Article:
Brian Copenhaver is Distinguished Professor Emeritus of Philosophy and History in UCLA’s Departments of Philosophy and History, where until his promotion to Emeritus he held the Udvar-Hazy Chair of Philosophy and History. Until 2003, he served as a Dean or a Provost for twenty-two years, fifteen of them in the University of California and ten as Provost of UCLA’s College of Letters and Science. From 2004 until 2011, he directed UCLA’s Center for Medieval and Renaissance Studies.
Born and raised in Baltimore, he was educated at Loyola College (AB, 1964), Creighton University (MA, 1966) and the University of Kansas (Ph.D., 1970). He was a Fulbright Scholar at the University of Lyons in France, and, as a Fellow of the American Council of Learned Societies, he studied at the Warburg Institute of the University of London (1975-6). More recently, he was a Guggenheim Fellow and a Getty Scholar. His previous academic and administrative appointments were at Western Washington University (1971-81), Oakland University (1981-88) and the University of California, Riverside (1988-93). He married his wife, Kathleen, in 1965; they have two children, Rebecca and Gregory; and two grandchildren, Alexandra and Miranda.
Professor Copenhaver studies philosophy and science in late medieval and early modern Europe. He is a Fellow of the American Academy of Arts and Sciences; past President of the Journal of the History of Philosophy; a member of the Council of the Istituto Nazionale di Studi sul Rinascimento in Italy; and the editor of the History of Philosophy Quarterly. He has served on the boards of Rinascimento, Renaissance Quarterly, Annals of Science, the Journal of the History of Ideas, Early Science and Medicine, the International Archives of the History of Ideas, and the I Tatti Renaissance Library. He was the charter co-editor of a new journal, Magic, Ritual and Witchcraft, published by the University of Pennsylvania Press. His research has been supported by the Guggenheim Foundation, the Getty Research Institute, the American Council of Learned Societies, the American Philosophical Society, the Medieval Academy of America and by a Fulbright Scholarship. He has been the principal investigator on institutional grants awarded by the National Endowment for the Humanities, the Mellon Foundation, the Hewlett Foundation, the Ahmanson Foundation, the Arcadia Foundation and the Alcoa Foundation.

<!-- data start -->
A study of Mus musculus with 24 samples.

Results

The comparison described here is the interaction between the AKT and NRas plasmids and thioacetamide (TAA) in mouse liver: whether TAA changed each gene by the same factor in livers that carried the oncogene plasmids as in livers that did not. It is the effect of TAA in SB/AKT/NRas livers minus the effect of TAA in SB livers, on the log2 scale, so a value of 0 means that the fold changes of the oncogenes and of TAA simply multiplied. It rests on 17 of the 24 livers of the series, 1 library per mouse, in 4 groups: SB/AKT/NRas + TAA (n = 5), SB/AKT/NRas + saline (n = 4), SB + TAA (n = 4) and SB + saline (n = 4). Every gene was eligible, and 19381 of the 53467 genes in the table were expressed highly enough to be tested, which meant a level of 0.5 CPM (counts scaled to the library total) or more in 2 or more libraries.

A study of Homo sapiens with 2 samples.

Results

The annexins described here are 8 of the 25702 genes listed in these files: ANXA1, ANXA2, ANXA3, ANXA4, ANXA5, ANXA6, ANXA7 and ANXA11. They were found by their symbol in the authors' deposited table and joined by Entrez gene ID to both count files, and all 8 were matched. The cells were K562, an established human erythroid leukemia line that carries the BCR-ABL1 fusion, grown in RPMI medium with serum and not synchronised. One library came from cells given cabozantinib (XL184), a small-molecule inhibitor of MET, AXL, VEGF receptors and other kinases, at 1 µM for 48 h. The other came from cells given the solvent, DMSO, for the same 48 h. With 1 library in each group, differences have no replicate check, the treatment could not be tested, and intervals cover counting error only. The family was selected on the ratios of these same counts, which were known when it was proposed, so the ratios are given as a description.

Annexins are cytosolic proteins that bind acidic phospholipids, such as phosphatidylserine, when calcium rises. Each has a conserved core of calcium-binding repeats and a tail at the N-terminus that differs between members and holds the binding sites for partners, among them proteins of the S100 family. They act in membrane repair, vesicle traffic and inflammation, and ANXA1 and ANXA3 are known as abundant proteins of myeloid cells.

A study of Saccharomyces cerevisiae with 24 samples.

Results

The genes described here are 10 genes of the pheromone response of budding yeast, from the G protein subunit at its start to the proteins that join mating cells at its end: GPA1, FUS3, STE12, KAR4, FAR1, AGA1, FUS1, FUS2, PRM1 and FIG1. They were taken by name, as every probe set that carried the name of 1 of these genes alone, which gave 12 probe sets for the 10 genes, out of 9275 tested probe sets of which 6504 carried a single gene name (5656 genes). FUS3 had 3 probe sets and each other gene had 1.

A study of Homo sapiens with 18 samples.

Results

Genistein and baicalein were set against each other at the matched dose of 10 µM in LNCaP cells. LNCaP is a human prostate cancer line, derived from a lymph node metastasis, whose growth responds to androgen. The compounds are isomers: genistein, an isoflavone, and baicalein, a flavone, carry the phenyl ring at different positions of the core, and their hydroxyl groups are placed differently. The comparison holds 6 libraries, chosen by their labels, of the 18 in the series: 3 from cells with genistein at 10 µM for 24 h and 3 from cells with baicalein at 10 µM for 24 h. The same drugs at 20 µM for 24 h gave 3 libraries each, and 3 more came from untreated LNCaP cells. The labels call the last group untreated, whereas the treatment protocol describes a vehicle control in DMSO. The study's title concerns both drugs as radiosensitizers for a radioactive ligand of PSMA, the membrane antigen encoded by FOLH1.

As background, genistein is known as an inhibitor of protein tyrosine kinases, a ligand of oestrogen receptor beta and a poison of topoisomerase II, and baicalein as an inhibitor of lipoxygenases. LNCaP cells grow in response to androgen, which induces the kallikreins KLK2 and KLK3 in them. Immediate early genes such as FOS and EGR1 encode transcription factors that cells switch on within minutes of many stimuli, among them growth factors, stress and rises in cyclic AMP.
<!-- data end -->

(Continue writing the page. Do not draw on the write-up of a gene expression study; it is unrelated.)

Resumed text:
He has completed thirteen books about Symphorien Champier; the Hermetica; Renaissance drama; Renaissance philosophy; Polydore Vergil’s On Discovery; medieval logic; Lorenzo Valla’s attack on medieval logic; modern Italian philosophy; Giannazzo Manetti’s moral philosophy; and magic in Western culture. He has published articles on magic, astrology, the Hermetica, Kabbalah and their foundations in Neoplatonic, Aristotelian and scholastic philosophy; also on natural philosophy; scepticism; Averroism; philosophical translation; pre-Cartesian philosophy; modern Italian philosophy; historiography; the classical tradition in philosophy; Lorenzo Valla; Marsilio Ficino; Giovanni Pico della Mirandola; Lorenzo de’ Medici; Egidio da Viterbo; Polydore Vergil; Tommaso Campanella; Symphorien Champier; Isaac Newton; Henry More; Benedetto Croce; John Dewey; and Ginannozzo Manetti.